How To Fix Problems As Project Manager

Wednesday, May 25, 2011, AM | Leave Comment

A time comes in the course of managing a project when different kinds of problems arise. To solve these problems, good project managers go through a certain decision-making process.

Some have followed quite generic processes, others have followed their own created ones.

Not everyone has made great decisions. Otherwise great project managers or leaders have, on occasions, made bad decisions.

Overall, we can safely say great leaders make great decisions that have influenced public and departmental policies for years to come.

Good leaders use, more or less, the same techniques that I want to share with you.

Here I will talk only about the decision-making process that a project manager might go through in order to successfully fix problems that might arise during the course of a project.

The manager has to be quick, methodically but at the same time might follow his or her gut feeling as well.

The following generic steps have been followed by great project managers for making decisions about fixing problems.

You may want to follow them to improve your own decision-making on projects.

  1. Investigate problem(s)

    When a problem is presented to you by your team members, take the first step by finding its root cause. It may be a systemic problem. Project problems are most often related to team members and higher-up managers, processes, equipment or materials. Find out when, why and how it occurred and more importantly its impact on the project.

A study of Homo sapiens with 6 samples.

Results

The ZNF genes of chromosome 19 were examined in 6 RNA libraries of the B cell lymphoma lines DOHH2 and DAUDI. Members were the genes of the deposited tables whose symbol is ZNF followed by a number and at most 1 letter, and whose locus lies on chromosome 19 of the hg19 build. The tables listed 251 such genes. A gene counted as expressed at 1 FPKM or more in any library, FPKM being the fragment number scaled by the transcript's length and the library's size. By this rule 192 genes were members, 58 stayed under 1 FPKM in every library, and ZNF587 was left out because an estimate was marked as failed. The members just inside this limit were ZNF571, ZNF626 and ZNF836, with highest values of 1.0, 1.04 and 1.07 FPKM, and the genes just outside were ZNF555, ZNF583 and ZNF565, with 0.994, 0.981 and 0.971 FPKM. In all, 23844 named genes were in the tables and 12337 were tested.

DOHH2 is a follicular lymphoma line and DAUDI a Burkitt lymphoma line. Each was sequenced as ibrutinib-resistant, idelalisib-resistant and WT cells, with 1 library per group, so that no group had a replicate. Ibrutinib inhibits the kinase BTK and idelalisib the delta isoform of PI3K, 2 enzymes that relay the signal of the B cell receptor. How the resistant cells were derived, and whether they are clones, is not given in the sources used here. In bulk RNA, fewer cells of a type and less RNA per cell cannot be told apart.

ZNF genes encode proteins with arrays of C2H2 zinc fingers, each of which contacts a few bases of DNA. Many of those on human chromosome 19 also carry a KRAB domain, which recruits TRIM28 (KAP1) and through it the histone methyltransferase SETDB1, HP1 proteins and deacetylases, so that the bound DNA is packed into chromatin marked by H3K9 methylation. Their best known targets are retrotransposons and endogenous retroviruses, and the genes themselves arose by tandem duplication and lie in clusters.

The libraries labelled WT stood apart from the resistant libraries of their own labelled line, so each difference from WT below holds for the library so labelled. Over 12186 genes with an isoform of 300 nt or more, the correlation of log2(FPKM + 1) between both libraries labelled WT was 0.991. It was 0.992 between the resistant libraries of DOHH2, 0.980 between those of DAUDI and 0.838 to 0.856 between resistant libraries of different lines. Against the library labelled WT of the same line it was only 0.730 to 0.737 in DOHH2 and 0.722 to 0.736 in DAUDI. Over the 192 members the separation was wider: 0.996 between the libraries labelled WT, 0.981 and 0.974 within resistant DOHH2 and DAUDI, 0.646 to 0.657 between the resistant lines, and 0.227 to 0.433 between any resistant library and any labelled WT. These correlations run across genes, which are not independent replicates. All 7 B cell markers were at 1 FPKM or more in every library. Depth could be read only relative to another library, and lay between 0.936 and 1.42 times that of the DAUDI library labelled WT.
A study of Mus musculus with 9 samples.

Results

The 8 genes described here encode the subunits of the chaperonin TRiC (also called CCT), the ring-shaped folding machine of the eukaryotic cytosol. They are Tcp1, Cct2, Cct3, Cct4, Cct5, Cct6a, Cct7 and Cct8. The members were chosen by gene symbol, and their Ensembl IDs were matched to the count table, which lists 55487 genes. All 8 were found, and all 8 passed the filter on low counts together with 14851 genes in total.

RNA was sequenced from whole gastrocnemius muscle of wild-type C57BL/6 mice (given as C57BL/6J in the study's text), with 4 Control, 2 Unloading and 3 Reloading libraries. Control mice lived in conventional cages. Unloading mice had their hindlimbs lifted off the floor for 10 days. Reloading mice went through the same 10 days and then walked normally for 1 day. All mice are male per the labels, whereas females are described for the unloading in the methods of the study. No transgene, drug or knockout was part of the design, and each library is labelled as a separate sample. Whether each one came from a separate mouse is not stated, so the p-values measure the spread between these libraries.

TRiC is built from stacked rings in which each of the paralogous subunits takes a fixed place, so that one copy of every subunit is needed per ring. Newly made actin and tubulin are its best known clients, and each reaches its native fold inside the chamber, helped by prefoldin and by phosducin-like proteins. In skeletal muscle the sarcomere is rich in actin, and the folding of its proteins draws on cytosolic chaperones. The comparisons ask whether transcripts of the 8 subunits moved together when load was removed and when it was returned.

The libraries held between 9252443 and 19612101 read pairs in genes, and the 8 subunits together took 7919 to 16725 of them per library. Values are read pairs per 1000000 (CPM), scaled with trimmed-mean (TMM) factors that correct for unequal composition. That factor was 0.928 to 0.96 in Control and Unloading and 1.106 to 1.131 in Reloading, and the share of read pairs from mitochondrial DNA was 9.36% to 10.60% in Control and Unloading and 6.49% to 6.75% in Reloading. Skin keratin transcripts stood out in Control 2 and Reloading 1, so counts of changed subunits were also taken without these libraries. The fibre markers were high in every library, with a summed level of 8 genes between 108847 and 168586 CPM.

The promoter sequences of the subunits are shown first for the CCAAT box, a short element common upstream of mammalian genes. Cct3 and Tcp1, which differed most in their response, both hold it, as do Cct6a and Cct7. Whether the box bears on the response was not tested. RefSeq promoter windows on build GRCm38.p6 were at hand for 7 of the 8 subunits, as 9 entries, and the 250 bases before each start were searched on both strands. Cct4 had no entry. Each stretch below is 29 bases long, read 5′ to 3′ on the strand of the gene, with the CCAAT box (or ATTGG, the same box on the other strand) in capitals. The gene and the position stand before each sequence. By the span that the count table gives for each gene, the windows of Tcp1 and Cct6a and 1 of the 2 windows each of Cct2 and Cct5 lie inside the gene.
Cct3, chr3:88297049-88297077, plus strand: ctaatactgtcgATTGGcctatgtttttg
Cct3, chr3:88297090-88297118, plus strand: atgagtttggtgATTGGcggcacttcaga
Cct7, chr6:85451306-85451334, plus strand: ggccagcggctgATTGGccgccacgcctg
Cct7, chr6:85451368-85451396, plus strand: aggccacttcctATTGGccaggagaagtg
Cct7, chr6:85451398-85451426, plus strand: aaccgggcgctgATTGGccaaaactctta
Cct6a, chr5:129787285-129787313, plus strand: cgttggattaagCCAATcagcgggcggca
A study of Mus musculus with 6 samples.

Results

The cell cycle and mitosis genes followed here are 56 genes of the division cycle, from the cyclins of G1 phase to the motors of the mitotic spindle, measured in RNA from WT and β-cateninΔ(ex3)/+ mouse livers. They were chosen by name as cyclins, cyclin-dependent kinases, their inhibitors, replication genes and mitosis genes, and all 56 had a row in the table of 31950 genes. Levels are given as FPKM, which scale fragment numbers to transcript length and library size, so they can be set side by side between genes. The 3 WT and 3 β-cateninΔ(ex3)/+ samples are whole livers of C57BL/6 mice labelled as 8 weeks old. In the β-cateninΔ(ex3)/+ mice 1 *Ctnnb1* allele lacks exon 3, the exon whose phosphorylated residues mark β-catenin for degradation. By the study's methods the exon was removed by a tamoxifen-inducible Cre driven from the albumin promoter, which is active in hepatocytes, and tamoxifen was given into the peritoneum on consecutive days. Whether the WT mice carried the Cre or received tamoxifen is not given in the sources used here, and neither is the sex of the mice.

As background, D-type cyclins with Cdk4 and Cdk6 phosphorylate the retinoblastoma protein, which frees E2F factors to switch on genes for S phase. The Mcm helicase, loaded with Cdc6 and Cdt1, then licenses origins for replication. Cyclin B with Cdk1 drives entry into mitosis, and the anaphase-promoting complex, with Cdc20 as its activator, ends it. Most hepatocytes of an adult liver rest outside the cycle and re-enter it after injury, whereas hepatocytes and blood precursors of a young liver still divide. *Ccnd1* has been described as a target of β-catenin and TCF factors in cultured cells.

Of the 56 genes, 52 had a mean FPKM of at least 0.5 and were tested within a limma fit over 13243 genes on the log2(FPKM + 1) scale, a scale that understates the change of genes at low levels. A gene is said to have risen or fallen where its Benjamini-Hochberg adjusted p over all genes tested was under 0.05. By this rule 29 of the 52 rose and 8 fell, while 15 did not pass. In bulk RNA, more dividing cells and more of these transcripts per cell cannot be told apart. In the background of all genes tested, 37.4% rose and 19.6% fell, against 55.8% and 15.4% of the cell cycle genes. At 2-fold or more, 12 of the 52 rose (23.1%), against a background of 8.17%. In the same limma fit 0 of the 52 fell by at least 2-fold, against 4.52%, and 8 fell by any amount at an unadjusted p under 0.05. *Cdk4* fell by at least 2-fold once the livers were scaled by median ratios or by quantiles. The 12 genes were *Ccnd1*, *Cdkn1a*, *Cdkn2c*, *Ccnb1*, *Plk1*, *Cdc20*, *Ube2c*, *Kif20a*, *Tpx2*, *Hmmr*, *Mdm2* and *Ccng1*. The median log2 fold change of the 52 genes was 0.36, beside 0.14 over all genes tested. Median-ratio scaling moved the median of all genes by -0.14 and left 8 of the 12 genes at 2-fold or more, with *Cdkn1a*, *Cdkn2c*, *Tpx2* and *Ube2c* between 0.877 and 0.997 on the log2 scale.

2. Prioritize problem(s)

    You need to prioritize problems from the most important down to the least ones in terms of the impact on the project. It’s not too hard to find out which problems need the most attention. If it’s preventing your teams from working effectively and efficiently, then I think that will be the most urgent problem that needs your attention first and foremost.

  3. Identify solutions to problem(s)

    Now that you have clear understanding of the problem(s) and their priority levels, you need to come up with solution to each one of them. Then review each alternative to determine whether:

    • It really solves the root cause of problem(s)
    • The solution is easy and practical to implement
    • And as importantly, will it prevent the problem from re-occurring
  4. Make decision

    Now it’s time to make your decision. Take time out to carefully consider all the pros and cons about solutions. Bring them out in the open. Discuss them with your managers if need be. Take extra time to make decisions about critical problems.

  5. Act on decision

    You need to be fully committed to implementing your decision. Tell your team about them. Schedule the tasks needed to make it happen.

Documenting your decision-making process

There are formal Project Methodology forms available online. Search for them and see what others have done. You don’t have to be too formal about the methodologies. However, if you want to share problems and your decisions with others for future reference, then you might want to create and formalize your decision-making processes in a document form. That way everyone concerned would know what has to be done.

In a Nutshell
Make better and faster decisions by following the above steps. You will feel good about your decisions.

Courtesy of…

This column is © copyright to www.Method123.com and originally appeared in their weekly project management tip newsletter.